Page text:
Does brand authenticity die when you get big?

Brand bloggers have been busy over the last couple of weeks reflecting on the customer service nightmare suffered by US airline Jet Blue, during a weekend of horrible weather conditions. The service screw-ups were made all the more newsworthy by the carrier’s reputation of being a customer champion.

Many bloggers picked up on and applauded the response of CEO, David Neeleman. He wrote a heartfelt apology to customers, and even posted an emotional video on You Tube. And the company quickly created and launched a customer charter, making public commitments to fix the problems. What is impressive about the Jet Blue response it the authenticity of the brand’s leader. (More on the use of social media by Jet Blue over at the Church of the Customer.) It seems he genuinely cared about what had happened, and was personally committed to fixing it. You feel like the letter and video came from the heart, not from the pen of a corporate PR person.

A smaller example is the email response I got within 24 hours from Julian Metcalfe, the founder and CEO of Pret a Manger, when I sent him details of my post about Pret. I commented on the way they had used customer feedback on their soups, improved them and then told the story on the new soup cups.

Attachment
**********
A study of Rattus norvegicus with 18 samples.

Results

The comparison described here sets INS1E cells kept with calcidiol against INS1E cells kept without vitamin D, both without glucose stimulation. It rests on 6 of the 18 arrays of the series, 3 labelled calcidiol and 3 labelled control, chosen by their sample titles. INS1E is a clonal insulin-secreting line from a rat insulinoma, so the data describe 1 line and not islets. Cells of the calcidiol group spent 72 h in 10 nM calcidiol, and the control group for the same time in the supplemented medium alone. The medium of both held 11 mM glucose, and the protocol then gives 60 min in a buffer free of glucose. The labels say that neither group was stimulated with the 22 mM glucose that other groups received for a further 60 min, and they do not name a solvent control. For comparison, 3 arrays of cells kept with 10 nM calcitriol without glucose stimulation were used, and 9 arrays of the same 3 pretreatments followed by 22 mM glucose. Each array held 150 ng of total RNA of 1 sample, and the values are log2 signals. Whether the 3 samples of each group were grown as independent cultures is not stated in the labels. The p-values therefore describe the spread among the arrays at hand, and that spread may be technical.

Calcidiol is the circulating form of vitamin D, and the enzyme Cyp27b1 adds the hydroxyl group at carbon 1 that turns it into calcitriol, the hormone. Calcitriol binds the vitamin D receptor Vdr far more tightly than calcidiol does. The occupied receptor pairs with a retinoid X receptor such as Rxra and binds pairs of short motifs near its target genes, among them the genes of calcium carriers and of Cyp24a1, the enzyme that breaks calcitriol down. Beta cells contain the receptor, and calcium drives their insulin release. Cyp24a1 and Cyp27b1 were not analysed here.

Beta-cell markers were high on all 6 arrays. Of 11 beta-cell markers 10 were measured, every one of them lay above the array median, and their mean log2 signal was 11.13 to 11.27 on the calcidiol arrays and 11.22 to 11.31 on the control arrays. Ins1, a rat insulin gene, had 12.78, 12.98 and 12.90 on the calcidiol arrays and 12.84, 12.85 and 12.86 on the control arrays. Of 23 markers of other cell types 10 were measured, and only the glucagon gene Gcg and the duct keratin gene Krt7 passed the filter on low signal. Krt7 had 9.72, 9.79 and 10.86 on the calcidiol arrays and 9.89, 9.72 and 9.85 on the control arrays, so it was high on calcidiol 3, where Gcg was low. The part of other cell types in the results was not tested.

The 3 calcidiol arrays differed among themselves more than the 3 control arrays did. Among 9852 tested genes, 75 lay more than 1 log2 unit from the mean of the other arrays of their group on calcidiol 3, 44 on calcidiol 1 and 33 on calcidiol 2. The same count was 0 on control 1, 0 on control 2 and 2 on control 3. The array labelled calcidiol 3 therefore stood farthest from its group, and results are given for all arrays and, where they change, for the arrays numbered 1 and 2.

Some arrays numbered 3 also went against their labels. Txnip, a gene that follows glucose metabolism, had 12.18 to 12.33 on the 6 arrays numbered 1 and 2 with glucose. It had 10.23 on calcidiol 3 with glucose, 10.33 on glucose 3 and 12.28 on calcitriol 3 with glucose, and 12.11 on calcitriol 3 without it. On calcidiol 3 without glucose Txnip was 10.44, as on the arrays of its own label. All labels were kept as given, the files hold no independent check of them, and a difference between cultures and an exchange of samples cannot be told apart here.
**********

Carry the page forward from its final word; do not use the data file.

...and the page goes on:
Dear David,

Thanks for the note.  I’m flattered, especially about your comments regarding my work on the soup cup.  Thank you!  We should fight on!!


Contrast the Jet Blue and Pret communication with the average email I get from British Airways. These look like they have been written by a computer, and I guess CEO Rod Eddington doesn’t even know what’s in them. When BA was in dispute with cabin crews over sick-pay, I got several BA emails which all seemed to try and shift blame to the unions before the expected strike happened.

So, does getting big mean its inevitable that brand authenticity is lost?

Perhaps not, if you have the right person leading the brand? I’ve had first hand experience of the Unilever people who led Omo/Dirt is Good (David Arkwright) and Dove (Silvia Lagnado). They are what I call "Brand CEOs". They were passionate about the cause they were championing, and stayed on the brand for 5 years+. On a bigger scale, you get the impression Steve Jobbs at Apple cares passionately about innovation and customers. And you get the same feeling about Starbuck’s founder Howard Shultz’s leaked email where he regrets some of the service short-cuts taken that have diluted brand experience (Starbuck’s insider John Moore thought it was fake memo, but has now changed his mind), saying:

"In order to achieve the growth, development, and scale necessary to go
from less than 1,000 stores to 13,000 stores and beyond, we have had to
make a series of decisions that, in retrospect, have lead to the
watering down of the Starbucks experience, and, what some might call
the commoditization of our brand."

Interested to hear of other examples of big brands that have grown big, but stayed authentic.